Thoughts on my profession.

Where to start? This school year started out pretty rocky; I was completely biased and comparing my students from last year to my current 9th graders. Many of my old students have come back to visit me--and while I love seeing them--it's evident that they are not my students anymore. I'm not with them every day anymore. But I do love hearing about their high school adventures and driver licenses and all that good stuff. It makes me happy to know that they are finding out what they are good at and being successful.

I have really come to enjoy my current students and their unique personalities. It can be a challenge to adequately give 36 students the opportunity to be heard and express themselves in 50 minutes but I do my best and I think they can tell that I really do care about them.

Some of you may have heard about the 30 million dollar shortfall that the Jordan District is trying to deal with for next years budget. The school board opted to not raise taxes and to instead cut teachers and programs. This has left us educators completely baffled and shocked. There is a chance that I may lose my job next year. They are waiting to calculate enrollment and registration for next year before they begin letting teachers go, but it's looking like anywhere from 7 -12 teachers at my school will be gone next year. The average class size will be 40. While I would be the first Spanish teacher to be let go (this is based on the hiring date of myself and another Spanish teacher who was hired around the same time as me) I am feeling that next years Spanish enrollment will still be quite large. In fact, at the beginning of this year I had a few classes that were 38-40 which freaked me out because I only had 35 desks.

A few funny stories. I still have a few students who say the most random things to me. I won't get into all of the details but I'll just say that I laugh every day at the ridiculous things these boys say to me. Let me share with you the words from a Valentine I received from G, the same boy who wrote me out a personal check for L-O-V-E instead of money. And I quote the Valentine:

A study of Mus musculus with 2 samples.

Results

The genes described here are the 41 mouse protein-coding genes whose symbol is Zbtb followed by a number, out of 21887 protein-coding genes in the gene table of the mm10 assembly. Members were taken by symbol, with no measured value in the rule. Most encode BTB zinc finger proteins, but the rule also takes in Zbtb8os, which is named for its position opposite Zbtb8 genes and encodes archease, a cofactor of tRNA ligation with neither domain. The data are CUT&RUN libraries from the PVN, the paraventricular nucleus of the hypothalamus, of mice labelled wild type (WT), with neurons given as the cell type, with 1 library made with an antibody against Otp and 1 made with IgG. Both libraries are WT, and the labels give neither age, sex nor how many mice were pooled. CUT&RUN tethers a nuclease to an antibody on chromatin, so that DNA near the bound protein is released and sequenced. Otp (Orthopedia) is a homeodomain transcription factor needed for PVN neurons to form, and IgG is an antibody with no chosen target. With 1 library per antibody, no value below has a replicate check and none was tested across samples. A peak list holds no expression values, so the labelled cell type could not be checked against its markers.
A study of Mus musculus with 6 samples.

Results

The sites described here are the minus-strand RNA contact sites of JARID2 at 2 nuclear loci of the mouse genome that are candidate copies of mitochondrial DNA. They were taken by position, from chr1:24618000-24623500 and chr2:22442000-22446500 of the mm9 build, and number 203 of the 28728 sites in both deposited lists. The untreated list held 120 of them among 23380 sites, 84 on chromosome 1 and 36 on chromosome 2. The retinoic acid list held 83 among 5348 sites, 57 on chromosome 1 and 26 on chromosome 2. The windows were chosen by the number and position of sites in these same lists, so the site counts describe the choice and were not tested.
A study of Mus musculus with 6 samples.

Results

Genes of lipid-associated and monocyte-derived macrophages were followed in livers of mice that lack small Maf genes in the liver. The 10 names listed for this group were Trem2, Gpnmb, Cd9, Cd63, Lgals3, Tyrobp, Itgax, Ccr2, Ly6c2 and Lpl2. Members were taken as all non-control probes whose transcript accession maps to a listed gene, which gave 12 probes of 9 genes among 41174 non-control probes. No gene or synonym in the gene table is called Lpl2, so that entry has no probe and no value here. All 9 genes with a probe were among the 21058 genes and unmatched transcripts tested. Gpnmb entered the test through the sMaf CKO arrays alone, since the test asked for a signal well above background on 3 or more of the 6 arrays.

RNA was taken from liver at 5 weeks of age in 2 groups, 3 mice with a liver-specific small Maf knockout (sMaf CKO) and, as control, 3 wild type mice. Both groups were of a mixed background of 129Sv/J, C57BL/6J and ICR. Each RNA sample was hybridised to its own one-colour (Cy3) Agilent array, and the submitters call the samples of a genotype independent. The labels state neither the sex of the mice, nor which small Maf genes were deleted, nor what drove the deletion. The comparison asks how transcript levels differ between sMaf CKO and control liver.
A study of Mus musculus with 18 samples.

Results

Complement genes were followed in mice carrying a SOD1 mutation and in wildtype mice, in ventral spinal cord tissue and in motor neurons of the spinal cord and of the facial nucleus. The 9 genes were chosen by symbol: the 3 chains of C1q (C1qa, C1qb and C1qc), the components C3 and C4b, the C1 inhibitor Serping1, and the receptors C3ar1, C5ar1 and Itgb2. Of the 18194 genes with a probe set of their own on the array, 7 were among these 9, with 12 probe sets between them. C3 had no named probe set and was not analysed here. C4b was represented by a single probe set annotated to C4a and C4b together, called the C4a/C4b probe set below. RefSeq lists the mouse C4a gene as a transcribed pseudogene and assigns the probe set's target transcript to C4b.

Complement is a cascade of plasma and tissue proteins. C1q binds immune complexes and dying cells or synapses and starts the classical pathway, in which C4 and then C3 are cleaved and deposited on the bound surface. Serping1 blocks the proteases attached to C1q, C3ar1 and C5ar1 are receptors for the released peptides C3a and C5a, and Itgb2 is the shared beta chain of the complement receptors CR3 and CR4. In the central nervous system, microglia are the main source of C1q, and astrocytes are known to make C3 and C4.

"To: Mrs. Spravzoff
I love you in every single way. everytime you say my name I hear it in my heart for the rest of day. Your eyes remind me of a toilet full of love and some poo. I heart U."
Here's my embarrassing story of the week--I had seen this kid around school quite a bit. He was Polynesian kid who seemed awfully quiet but had a sweet disposition. I will often stand outside of my portable door if the weather is decent because it also means that the kids are more prone to rough house and goof off out there. I will often say hi to kids that I know as they pass by, greet my kids or yell at kids throwing bark dust at each other or what not. I noticed that this kid took French 7th period in the portable next to mine. So one day I decided to compliment quiet/nice boy. I called out from the steps of my portable as nice kid walked slowly by me (but not really paying attention) "hey, you sure seem like such a nice boy." While a few other kids nearby heard me and looked at me to see if I was talking to them, nice boy didn't acknowledge. So I said even louder and more pointedly, "hey you, yeah you, you seem like such a nice boy." Nice boy stops this time, looking at me confused for a second and responds softly and slowly, "I'm a girl" and walked off to the French room.

I wanted to die. I felt so horrible. More than anything because it's not like I thought, "wow, I not sure if this kid is a boy or a girl so I'll tell them they're a great kid" I 100% thought S was a boy. There was no doubt in my mind in fact. Moral of the Story: Sometimes a sincere compliment turns out just to be an insult--so compliment carefully.